Cambodia Marks the 8th Anniversary of Former King Norodom Sihanouk’s Passing

An honour guard stands in front of a statue of the late king Norodom Sihanouk during a ceremony commemorating the king's seventh death anniversary in Phnom Penh on October 15, 2019.

The late king dominated the country’s history for decades



PHNOM PENH--Cambodians on Oct.15 commemorated the passing of King Norodom Sihanouk eight years ago with people across the country paying their respect at various locations.



At the monument erected in his honor near Independence Monument in Phnom Penh, Deputy Prime Minister and Minister of Interior Sar Kheng and senior officials from several ministries queued in to pay their respect and lay wreaths at his bronze statue.



Prime Minister Hun Sen wrote on his Facebook page that “[p]eople all over the country, government officials and members of the armed forces at all levels would like to express their deepest gratitude to His Majesty the King for his sacrifice to Cambodia.”



“The people will always remember all the achievements and accomplishment of His Majesty the King who sacrificed body and mind for the integrity of Cambodia,” President of National Assembly Heng Samrin was quoted as saying on his Facebook page.



King Sihanouk died of a heart attack on Oct. 15, 2012, in the Chinese capital of Beijing where he and other royal family members usually receive medical check-up. His body was transported back to Phnom Penh two days later. The official cremation ceremony was held in February 2013.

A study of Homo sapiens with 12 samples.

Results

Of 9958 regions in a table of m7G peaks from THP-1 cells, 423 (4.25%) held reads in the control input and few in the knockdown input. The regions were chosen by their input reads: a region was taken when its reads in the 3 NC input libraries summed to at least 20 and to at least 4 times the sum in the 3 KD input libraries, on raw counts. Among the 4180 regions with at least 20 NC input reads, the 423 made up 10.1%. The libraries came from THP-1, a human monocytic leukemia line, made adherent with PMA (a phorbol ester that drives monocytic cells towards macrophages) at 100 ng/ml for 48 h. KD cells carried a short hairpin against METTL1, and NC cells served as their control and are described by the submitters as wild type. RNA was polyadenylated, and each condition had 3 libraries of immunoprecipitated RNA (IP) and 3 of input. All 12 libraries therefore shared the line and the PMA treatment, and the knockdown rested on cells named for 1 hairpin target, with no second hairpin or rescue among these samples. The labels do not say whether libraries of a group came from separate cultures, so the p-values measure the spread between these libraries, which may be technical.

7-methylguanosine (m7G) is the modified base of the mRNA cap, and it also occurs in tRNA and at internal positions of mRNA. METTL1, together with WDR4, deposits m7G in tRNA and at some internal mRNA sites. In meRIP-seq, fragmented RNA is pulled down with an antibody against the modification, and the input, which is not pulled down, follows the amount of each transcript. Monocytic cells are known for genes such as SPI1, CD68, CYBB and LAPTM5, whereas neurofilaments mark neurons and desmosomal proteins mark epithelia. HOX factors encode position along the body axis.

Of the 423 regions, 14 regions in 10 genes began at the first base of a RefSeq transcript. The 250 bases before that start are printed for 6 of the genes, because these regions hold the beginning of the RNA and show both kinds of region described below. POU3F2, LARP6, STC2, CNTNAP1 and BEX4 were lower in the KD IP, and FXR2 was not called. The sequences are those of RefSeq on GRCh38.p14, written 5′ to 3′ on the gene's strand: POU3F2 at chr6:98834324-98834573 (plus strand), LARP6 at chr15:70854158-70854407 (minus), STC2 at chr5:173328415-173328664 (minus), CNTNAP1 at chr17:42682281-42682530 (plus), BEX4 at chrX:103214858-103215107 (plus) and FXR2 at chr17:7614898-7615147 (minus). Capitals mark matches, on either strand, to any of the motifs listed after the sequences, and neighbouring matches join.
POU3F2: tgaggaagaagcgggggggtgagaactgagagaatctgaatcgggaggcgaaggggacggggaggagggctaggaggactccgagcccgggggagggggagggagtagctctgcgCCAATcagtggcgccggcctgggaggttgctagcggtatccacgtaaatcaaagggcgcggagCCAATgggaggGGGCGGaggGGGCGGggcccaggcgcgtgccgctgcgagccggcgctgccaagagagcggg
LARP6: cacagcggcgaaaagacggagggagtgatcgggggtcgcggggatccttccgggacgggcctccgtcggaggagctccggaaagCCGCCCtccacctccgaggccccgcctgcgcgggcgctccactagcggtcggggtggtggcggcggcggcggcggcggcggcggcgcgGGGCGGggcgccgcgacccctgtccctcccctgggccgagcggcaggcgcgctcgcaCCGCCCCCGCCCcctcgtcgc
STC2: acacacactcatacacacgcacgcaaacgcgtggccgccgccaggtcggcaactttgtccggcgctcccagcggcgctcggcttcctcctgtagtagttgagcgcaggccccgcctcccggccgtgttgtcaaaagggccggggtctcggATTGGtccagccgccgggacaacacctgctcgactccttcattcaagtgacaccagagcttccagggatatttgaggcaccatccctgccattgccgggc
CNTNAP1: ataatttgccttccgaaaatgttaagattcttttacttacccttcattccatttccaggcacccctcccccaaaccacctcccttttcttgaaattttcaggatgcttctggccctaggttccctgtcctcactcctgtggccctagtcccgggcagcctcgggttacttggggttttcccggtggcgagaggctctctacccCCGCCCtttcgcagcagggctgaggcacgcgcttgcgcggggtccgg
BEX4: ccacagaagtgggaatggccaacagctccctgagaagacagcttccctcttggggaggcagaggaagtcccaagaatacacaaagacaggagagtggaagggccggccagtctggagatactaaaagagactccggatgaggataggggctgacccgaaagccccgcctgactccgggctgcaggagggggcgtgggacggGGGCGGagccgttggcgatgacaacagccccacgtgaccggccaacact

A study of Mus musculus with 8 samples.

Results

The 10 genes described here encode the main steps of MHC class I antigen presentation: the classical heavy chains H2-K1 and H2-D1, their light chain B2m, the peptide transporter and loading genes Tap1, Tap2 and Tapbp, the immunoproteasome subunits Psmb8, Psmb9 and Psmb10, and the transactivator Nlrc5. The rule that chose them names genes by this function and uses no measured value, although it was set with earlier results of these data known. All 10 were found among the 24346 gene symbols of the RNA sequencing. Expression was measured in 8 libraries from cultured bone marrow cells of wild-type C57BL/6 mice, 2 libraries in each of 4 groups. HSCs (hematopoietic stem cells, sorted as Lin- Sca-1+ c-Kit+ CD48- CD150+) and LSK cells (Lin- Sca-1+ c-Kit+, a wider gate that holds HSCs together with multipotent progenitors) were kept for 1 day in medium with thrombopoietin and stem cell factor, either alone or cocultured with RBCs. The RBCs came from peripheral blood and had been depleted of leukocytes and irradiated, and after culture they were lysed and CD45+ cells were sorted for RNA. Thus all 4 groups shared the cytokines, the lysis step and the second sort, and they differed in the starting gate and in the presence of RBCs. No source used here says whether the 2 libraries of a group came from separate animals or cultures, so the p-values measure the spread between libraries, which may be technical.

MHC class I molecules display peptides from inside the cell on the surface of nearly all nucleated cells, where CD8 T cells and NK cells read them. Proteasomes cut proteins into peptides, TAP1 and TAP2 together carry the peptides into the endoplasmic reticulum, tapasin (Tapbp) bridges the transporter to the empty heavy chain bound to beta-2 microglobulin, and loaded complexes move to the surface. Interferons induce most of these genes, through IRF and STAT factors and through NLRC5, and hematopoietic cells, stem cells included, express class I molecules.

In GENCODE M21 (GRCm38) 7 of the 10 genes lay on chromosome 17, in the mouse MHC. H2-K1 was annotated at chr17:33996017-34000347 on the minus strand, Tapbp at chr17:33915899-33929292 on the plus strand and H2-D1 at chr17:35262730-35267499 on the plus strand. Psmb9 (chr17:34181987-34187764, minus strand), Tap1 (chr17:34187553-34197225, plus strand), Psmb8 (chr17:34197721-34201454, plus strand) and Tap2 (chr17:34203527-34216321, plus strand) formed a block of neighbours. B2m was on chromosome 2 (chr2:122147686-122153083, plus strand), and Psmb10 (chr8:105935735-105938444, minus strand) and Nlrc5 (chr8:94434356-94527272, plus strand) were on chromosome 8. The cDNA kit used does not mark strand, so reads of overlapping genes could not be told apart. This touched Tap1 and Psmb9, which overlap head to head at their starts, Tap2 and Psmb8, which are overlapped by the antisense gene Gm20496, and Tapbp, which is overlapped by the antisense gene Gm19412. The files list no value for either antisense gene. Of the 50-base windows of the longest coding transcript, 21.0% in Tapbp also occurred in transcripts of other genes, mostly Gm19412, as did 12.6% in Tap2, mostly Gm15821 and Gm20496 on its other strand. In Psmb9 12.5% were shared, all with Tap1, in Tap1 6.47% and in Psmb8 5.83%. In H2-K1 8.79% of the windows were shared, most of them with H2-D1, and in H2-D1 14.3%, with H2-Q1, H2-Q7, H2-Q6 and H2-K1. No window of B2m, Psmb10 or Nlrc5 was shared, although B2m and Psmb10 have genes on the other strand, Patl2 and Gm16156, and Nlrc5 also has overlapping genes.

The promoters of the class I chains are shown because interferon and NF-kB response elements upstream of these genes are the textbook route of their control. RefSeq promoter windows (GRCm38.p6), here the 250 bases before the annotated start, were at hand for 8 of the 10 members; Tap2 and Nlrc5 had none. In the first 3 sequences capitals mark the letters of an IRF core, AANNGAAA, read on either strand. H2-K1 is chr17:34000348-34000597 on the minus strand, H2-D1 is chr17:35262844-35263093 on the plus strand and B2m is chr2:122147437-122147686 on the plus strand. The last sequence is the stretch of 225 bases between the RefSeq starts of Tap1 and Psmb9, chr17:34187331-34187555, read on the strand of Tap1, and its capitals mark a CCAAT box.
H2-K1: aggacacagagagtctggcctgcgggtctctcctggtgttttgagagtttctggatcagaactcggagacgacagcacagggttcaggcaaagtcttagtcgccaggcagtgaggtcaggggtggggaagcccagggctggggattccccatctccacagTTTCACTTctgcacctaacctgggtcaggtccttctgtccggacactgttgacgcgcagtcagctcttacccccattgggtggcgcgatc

Born on Oct. 31, 1922, in Phnom Penh, King Sihanouk was chosen by the French administration in 1941 to accede to the throne following the death of King Sisowath Monivong.



In the 1950s, King Sihanouk lobbied for independence as the country was under French rule and part of Indochina along with Vietnam and Laos. He proclaimed Cambodia’s independence in 1953 and remained the country’s political leader until 1970 when he was ousted from power.



Joining the Khmer Rouge in Beijing in the 1970s in the hope of regaining power, he spent the Pol Pot regime under house arrest in his palace in Phnom Penh. Following the Khmer Rouge defeat on 1979, then-Prince Sihanouk fought the Phnom Penh government, which was supported by Vietnam. But he eventually met with Hun Sen in late 1987, which led to the Paris Peace Agreement and the end of war in October 1991.  



He was crowned again in September 1993, this time as constitutional monarch who, as he often noted, “reigns but does not rule” the country as he had done in the past. He played a role in maintaining peace in the 1990s and 2000s, calling on leaders to meet and compromise when the political climate was becoming tense.



In October 2004, he surprisingly announced his intention to abdicate, citing health issues, in favor of his son the current King Norodom Sihamoni who was crowned on 29 Oct. 2004. He was later given the title of “His Majesty King Norodom Sihanouk The Great Heroic King Father of Khmer Independence, Territorial integrity and National unity.” He was also called “Samdec Auv” by the general public. 



His funeral in Phnom Penh attracted thousands and thousands of Cambodians who paid homage to the monarch they had come to call King Father.